There was no major difference in the number of foodborne infections reported before and during the Coronavirus pandemic, according to researchers in Brazil.
The study looked at data on notifications of foodborne disease in Brazil in 2018 and 2019, defined as before, and in 2020 and 2021, classed as during the COVID-19 pandemic.
The expectation, considering the social isolation measures adopted, which closed schools, restaurants, and other establishments considered non-essential, was that the study would show a significant difference in notifications and cases, as had been seen in other countries.
In Brazil, past data showed 7,630 outbreaks between 2007 and 2017, with 134,046 people sick, 19,394 hospitalizations, and 127 deaths. However, few Brazilian states and municipalities have related statistics and data.
Data from the National System of Notifiable Diseases was analyzed, evaluating the overall incidence rate, lethality and mortality, contamination sites, and criteria for confirming the etiological agent.
From 2018 to 2021, 2,206 foodborne disease cases were registered. The case fatality rate was 0.5 percent in both periods. The incidence rate was 6.48 per 100,000 inhabitants before and 3.92 per 100,000 inhabitants during the pandemic, according to the study published in the journal Nutrients.
Outbreak settings varied
The expectation was that because of the lockdown, most incidents during the pandemic would be domestic cases, as reflected in the data. Domestic outbreaks represented about 40 percent of incidents, which scientists said shows the importance of campaigns and other measures to reduce these events.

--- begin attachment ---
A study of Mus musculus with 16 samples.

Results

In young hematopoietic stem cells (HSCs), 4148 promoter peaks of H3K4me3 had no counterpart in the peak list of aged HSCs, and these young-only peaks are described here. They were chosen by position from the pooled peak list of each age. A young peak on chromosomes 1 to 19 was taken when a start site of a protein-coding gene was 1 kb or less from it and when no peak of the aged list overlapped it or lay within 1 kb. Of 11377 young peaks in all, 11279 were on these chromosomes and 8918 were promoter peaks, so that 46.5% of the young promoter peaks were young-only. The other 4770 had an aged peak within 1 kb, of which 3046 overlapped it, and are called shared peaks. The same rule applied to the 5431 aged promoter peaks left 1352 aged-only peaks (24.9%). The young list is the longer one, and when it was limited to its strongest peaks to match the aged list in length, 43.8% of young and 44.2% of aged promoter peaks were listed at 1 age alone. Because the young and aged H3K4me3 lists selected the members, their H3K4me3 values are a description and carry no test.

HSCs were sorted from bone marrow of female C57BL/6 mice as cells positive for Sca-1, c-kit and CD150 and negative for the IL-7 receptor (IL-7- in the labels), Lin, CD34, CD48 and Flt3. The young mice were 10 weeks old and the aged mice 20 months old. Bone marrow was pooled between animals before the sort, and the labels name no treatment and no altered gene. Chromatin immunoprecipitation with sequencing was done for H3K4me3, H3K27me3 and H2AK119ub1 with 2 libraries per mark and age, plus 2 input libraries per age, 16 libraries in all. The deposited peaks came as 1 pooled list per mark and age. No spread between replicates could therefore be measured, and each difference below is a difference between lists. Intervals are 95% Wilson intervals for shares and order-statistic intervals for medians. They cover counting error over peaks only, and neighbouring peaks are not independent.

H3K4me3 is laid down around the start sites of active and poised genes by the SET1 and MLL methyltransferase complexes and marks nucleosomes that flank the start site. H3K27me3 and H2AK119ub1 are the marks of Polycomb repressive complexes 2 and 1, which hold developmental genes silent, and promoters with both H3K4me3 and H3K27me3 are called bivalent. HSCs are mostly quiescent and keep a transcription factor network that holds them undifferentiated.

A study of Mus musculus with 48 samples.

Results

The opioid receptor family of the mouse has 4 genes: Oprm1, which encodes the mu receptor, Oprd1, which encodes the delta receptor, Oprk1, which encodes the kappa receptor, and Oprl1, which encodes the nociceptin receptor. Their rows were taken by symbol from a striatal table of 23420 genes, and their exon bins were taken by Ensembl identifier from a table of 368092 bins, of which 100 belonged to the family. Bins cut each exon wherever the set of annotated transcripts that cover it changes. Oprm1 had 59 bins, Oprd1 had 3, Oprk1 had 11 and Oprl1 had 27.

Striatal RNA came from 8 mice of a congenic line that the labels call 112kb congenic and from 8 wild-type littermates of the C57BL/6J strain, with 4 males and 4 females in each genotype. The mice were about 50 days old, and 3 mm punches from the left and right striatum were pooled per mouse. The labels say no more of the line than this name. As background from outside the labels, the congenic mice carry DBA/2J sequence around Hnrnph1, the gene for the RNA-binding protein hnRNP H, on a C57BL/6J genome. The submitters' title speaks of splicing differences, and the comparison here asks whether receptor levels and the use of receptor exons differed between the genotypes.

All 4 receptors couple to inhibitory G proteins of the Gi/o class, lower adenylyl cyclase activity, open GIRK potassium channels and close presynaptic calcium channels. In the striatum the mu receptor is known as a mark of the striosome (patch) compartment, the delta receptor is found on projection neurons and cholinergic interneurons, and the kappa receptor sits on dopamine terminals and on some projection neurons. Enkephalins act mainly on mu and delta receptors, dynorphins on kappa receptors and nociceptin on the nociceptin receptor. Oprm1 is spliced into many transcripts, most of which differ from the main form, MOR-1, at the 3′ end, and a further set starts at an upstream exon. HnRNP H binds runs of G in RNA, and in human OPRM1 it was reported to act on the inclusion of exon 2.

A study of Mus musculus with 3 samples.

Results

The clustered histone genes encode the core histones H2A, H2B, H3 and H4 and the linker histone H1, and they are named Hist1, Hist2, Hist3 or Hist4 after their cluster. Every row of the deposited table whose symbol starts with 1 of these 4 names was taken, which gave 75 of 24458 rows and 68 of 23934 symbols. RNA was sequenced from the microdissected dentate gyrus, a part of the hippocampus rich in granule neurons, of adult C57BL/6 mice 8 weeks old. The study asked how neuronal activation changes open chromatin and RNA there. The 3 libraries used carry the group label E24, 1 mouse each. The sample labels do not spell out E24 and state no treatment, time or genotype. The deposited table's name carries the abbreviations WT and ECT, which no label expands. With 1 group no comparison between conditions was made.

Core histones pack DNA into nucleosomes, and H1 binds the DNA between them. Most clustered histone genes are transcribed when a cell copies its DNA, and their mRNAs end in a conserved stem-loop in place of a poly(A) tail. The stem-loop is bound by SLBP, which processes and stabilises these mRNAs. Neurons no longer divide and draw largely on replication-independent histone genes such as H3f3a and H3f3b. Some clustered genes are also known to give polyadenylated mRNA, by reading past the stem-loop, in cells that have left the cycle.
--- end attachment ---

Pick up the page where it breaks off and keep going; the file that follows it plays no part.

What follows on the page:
Data showed a significant difference between before and during the pandemic for the type of test and criteria used to confirm outbreaks. There was an increase in clinical laboratory tests and clinical reports for bromatology.
Scientists said Brazil continues to face problems in controlling foodborne diseases, as seen by data in the study. The size of the country prevents inspection actions in all food-producing establishments and homes, as well as a lack of training and awareness among the staff responsible for filling in surveillance forms.
There was no significant difference in the number of reports before and during the pandemic. However, when the two periods were compared, there was a big difference in where outbreaks occurred, with a reduction in cases at social events and an increase in reports at hospitals and health units.
“The increase in notifications in hospitals and health units demonstrates the need to improve the knowledge, attitudes, and food safety practices of food handlers and health professionals as they deal with vulnerable patients with potential health risks,” said researchers.
Study limitations included the short timeframe of four years of data, as well as the reliability of the records, plus the fact that foodborne disease cases are often underreported.